2017 10. The Little Paris Bookshop

By Nina George, Translated by Simon Pare

Rating:  3 out of 5

This is a sad book.  It is a good book, I think, but it is very sad.  I don’t know who would want to read such a sad book.  I think, perhaps, someone who had been through a similar situation might find it comforting, but I don’t know that anyone else would.  It wasn’t a waste of my time, but I would have been fine, had I never read it.

I have a feeling something was lost in the translation from French.  I may be wrong, but parts of it just seem a little too odd.


2017 9. The Woman in Cabin 10

By Ruth Ware

Rating:  3.5 out of 5

I haven’t quite finished this, so the rating might change.  Most of the book is kind of slow and average for me, but the portions about what’s going on back home keep it moving and exciting.  The excitement picks up in the last quarter of the book as well.

Really the bits between each part of the book, make the book.  It has a satisfactory ending as well.

2017 7. I Capture the Castle

By Dodie Smith

Rating 4.5 out of 5

I love this book!  This is our book club selection this month.  It has wit and romance and castles and suspense. Who IS Cassandra going to end up with, and what is Montmain doing at the British Museum?!

The author also wrote The Hundred and One Dalmatians.

The descriptions of poverty are casual and eye-opening.

I love how the book names tell the story of their improving fortunes.

The word “bogus” is used twice in the book, and that amuses me in a book written in 1948.

I have to print several quotes from the book.

“…ham with mustard is a meal of glory.”

“The desire for solitude often overcomes her at house-cleaning times.”

“And I quite understood:  when things mean a very great deal to you, exciting anticipation just isn’t safe.”

“I am not so sure I should like the facts of life, but I have got over the bitter disappointment I felt when I first heard about them, and one obviously has to try them sooner or later.”

“Another great luxury is letting myself cry – I always feel marvelously peaceful after that.  But it is difficult to arrange times for it, as my face takes so long to recover; it isn’t safe in the mornings if I am to look normal when I meet father for lunch, and the afternoon are no better, as Thomas is home by five.  It would be all right in bed at night but such a waste as that is my happiest time.  Days when father goes over to read in the Scoatney library are good crying-days.”  p 232

“And what I though about most was luxury.  I had never realized before that it is more than just having things; it makes the very air feel different, and I felt different, breathing that air:  relaxed, lazy, still sad but with the edge taken off the sadness.  Perhaps the effect wears off in time, or perhaps you don’t notice it if you are born to it, but it does seem to me that the climate of richness must always be a little dulling to the sense.  Perhaps it takes the edge off joy as well as off sorrow.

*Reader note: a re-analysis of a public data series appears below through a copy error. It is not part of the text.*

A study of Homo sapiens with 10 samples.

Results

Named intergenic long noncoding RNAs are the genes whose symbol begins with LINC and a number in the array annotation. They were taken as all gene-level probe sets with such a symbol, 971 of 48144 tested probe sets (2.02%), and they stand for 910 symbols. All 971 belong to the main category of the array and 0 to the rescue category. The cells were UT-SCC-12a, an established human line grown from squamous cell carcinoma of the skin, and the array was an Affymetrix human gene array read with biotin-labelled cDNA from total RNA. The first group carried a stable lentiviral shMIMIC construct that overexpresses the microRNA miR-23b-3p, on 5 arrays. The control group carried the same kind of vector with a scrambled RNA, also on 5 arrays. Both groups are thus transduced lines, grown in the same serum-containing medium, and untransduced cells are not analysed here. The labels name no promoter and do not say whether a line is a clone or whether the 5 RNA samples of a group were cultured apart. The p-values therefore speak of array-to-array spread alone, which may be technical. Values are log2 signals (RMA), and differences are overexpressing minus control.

And though I cannot honestly say I would ever turn my back on any luxury I could come by, I do feel there is something a bit wrong in it.  Perhaps that makes it all the more enjoyable.” P 266

2017 6. The Readers of Broken Wheel Recommend

By Katrina Bivald

Rating:  3.5 out of 5

I think this book was longer than it needed to be.  It had some great lines, quirky characters, and a decent ending.

Sophie was standing in the doorway, looking hesitantly at Sara. She had found Sara with her nose literally in a book. She looked up and slowly lowered it to the counter. She was busy unpacking a box of new books that had just arrived and had obviously been putting them to her nose, breathing them in.


She paused at Steinbeck’s The Grapes of Wrath and Of Mice and Men. Clearly small-town life, but also with such loathsome endings that she wondered whether it was morally defensible to sell them. Eventually, she put them out anyway but used one of the pieces of cardboard to cut out a smaller sign that she stuck up next to them. WARNING: UNHAPPY ENDING! she wrote.
If more bookshop owners had taken the responsibility to hang warning signs, her life would have been much easier. Cigarette packets came with warnings, so why not tragic books? There was wording on bottles of beer warning against drinking and driving, but not a single word about the consequences of reading books without tissues to hand.